House prices become political issue

Frustrated first-time buyers plan to protest against inaccessible house prices when the chancellor speaks in Brighton this weekend.

Gordon Brown is due to speak at the Brighton Festival on Sunday and campaigners plan to use the event to highlight high housing costs. Brighton has experienced the sharpest price rises per square metre of any British city over the past decade.

The campaign group Priced Out will protest during Mr Brown’s speech. They want the government to make affordable, family-friendly housing a priority and resist the pressure of homeowners opposed to new developments.

In his inaugural budget in 1997, Mr Brown promised that he would not allow house prices to inflate to inaccessible levels. Now as the chancellor prepares to move to Number Ten, many first-time buyers hope the next phase of the Labour government will focus on affordable housing.

Hazel Blears pledged more council housing in her manifesto for the deputy leadership, released today. Fellow candidates Jon Cruddas and Alan Johnson have also recognised affordable housing as a social and political issue.

Housing minister Yvette Cooper has long criticised the increasingly unequal access to the property ladder in the UK, warning that high house prices risk pricing out a generation of would-be buyers.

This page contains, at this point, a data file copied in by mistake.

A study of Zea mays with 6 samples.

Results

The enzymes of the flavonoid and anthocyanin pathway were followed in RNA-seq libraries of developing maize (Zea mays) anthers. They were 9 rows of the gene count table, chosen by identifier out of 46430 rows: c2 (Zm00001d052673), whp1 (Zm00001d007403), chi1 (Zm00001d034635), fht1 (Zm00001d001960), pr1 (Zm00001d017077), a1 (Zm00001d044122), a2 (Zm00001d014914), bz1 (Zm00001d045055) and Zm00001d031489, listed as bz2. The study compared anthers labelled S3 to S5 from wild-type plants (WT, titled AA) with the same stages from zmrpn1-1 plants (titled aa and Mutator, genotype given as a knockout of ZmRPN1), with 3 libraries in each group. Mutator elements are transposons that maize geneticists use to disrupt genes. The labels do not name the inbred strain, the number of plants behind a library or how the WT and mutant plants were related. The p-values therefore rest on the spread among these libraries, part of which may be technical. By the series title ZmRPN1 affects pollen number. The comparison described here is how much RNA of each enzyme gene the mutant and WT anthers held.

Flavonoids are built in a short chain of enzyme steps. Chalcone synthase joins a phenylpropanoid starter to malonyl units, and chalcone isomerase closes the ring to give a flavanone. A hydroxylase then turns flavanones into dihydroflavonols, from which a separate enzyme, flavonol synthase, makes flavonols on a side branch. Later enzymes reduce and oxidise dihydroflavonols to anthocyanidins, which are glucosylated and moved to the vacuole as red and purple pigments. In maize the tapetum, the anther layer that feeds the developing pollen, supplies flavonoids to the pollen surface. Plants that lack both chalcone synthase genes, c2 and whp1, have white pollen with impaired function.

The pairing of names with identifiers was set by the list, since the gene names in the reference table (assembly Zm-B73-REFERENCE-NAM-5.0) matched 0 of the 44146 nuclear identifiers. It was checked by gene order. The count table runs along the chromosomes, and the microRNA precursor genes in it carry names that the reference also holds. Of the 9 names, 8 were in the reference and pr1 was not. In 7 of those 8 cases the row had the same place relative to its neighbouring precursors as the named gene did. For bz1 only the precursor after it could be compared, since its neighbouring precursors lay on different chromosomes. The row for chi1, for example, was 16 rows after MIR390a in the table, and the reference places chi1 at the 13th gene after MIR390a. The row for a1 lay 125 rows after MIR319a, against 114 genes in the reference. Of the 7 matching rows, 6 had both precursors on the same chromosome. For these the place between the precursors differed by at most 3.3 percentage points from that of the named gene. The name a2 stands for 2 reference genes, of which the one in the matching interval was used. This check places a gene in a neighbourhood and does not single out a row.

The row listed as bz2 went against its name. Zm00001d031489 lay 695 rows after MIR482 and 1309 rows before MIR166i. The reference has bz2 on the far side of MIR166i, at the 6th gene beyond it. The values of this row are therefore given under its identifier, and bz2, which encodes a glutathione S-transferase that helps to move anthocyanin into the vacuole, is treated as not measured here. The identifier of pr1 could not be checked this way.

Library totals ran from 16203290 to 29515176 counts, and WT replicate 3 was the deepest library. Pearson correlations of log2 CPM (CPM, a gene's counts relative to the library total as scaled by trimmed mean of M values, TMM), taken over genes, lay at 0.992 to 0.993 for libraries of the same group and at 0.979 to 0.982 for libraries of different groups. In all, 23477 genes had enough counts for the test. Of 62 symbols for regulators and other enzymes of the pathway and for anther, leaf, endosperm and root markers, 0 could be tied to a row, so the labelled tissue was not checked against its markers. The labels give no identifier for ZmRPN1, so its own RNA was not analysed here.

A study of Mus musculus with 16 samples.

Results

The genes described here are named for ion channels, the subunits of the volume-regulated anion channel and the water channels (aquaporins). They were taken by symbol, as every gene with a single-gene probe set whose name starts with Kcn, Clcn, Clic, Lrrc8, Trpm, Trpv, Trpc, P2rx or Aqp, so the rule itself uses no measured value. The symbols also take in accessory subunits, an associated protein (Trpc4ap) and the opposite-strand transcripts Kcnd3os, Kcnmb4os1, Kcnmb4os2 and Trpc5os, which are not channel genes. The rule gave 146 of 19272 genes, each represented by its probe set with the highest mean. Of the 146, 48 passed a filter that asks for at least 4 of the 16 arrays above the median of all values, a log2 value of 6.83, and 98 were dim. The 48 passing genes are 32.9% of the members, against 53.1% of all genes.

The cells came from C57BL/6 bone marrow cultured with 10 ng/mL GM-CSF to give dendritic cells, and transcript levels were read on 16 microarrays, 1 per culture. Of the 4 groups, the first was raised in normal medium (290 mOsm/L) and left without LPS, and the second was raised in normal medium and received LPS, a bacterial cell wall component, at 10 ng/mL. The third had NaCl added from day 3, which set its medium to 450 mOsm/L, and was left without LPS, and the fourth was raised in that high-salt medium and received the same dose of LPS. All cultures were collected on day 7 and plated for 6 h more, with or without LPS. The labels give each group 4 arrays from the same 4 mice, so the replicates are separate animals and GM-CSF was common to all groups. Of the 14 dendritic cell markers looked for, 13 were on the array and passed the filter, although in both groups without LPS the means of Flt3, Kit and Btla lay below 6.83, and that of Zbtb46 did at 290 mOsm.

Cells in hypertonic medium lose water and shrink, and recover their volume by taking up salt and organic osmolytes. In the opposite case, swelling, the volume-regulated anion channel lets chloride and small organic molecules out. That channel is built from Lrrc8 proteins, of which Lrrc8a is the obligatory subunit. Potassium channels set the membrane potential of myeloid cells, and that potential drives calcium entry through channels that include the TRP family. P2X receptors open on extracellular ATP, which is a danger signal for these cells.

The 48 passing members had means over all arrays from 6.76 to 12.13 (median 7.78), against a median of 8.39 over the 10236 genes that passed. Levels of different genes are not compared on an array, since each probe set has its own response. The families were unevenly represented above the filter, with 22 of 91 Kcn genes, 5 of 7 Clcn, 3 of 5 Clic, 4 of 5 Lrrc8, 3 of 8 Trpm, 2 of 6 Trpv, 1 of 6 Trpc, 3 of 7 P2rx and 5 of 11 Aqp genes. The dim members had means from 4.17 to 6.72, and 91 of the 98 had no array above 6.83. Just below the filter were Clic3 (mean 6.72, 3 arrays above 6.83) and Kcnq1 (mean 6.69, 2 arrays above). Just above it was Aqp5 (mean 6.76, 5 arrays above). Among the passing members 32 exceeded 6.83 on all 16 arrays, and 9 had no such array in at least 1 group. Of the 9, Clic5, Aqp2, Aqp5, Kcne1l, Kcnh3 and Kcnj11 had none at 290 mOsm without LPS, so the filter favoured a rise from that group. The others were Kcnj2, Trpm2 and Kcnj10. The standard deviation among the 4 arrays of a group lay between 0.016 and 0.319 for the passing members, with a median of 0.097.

Ms Cooper is concerned that young people will be increasingly unable to buy property unless their parents can use their own home as a guarantee.

Ministers will be discussing affordable housing in the Treasury spending review. A department spokeswoman, however, said she could not comment on the direction of these talks until the review is published later in the year.

The government is keenly aware that demand for housing is outstripping supply, thereby maintaining high house prices.

The Treasury is likely to consider how supply can be increased, including the potential of releasing land and speeding up the planning process.

A government review had warned that 220,000 new homes must be built each year to meet demand. Although building has increased from 130,000 to 180,000, it still falls short of necessary building levels.

An increase in single-person households is escalating demand. The Treasury expects the number of people living alone to rise by 53 per cent over the next two decades and new build plans may need to be adjusted to reflect this.